Profane Landscapes, Sacred Spaces - Miroslav Bárta

Profane Landscapes, Sacred Spaces - Miroslav Bárta

Ancient Egyptians and the Representation of Foreign Landscapes: The Ash-Tree Reconsidered

Profane Landscapes, Sacred Spaces - Miroslav Bárta

Claudia Kemna [+-]
Claudia M. Kemna, part-time employee of the town of Freiburg, studied Egyptology and Coptology at the Universities of Marburg, Göttingen, the EPHE Paris and changed due to family reasons to the University of Cologne. She followed additional studies of Paléoethnobotany in Göttingen. Special interests: daily life, utilization of plants, animal keeping, religion.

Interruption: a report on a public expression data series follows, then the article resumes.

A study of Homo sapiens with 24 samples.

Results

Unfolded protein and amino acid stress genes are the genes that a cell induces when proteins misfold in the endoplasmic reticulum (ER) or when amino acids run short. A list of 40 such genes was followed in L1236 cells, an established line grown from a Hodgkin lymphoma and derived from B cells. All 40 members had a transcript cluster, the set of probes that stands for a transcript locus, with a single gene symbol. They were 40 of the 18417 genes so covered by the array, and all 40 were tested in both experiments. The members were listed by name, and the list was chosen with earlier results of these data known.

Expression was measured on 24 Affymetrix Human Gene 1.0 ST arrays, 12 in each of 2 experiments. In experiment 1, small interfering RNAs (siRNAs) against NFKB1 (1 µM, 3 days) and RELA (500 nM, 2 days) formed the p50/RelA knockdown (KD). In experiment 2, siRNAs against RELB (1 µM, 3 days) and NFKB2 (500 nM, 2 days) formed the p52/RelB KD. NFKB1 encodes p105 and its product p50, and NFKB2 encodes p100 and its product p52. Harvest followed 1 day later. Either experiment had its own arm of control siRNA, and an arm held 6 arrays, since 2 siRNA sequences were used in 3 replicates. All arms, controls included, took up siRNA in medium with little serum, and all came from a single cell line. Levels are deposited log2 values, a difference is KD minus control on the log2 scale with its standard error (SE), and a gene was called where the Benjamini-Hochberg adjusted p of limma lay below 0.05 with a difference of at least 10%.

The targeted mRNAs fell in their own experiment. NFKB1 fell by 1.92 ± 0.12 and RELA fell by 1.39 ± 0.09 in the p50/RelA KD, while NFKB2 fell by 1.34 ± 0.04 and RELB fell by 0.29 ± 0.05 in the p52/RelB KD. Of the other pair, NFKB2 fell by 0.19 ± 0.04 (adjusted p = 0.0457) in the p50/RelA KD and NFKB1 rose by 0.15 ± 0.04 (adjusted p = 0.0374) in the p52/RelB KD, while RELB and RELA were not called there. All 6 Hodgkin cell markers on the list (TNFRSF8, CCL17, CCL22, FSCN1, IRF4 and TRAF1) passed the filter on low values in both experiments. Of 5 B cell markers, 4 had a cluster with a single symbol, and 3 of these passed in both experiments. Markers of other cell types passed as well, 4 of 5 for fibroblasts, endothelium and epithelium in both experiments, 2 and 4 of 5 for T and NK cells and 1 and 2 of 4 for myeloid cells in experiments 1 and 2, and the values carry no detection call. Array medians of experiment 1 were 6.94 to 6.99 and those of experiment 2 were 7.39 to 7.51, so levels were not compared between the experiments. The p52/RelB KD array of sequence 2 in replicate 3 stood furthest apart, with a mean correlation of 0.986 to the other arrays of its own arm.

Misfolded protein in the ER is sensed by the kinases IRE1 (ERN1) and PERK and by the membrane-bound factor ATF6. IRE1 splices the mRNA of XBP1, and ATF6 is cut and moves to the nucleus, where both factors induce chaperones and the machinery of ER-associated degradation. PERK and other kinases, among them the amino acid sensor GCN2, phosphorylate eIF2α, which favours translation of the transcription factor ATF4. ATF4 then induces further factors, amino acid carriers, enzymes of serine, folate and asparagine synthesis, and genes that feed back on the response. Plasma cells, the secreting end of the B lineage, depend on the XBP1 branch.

Under the rich legacy of Ancient Egypt there are the representations in tombs and temples concerning religion and daily life which found the interest of so many researchers and travelers in that country. One topic of daily life is the depiction of nature in its aspects of agriculture and gardening versus desert life and landscapes abroad. Especially during the New Kingdom, when Egypt became the dominant power in the Near East, an increasing interest in the nature of the subdued countries is perceptible. Though a lot of pictures are quite detailed which enable modern scientists to determine the species represented, there is a common sense that the Ancient Egyptians completely failed to draw the conifers of Lebanon, so that an exact determination of the species is impossible. Since LORETs article in 1916 it is mostly accepted that the aS-tree is a(n umbrella-)pine or a fir. Those who are not convinced follow CHABAS 1861 and SETHE 1908 who equated the aS-tree with the cedar of Lebanon. Some scientists remain neutral in translating aS as “conifer” others think even of juniper as a subspecies of aS (BARDINET 2008). So the translations of the Egyptian texts mentioning the aS-tree remain arbitrary, depending on the researcher’s opinion on the nature of the tree as well as its presumed area of exportation. The chapter reconsiders the criteria which led to the identification of the aS-tree with conifers and will question whether the Egyptians of the New Kingdom might have seen something different abroad from the Egyptologists of the Industrial Era imagine. It assumes that the representations of the aS-tree are correct and indeed show deciduous trees. A possible candidate will be presented and compared to conifers and the aS-tree according to the criteria which led to the conifers. Additionally, the chapter reflects further information the Egyptians give concerning habitat and timber production; on the one hand and technological qualities in respect of weapon production and shipbuilding and products of the wood on the other. Finally the areas of export of the aS-tree in Lebanon will be determined (which throws a light on the deforestation of deciduous trees in Lebanon during the Middle Bronze Age) and an explanation of the origin of the rivalry between the gods Bata and Iam in the valley of the aS-tree is given.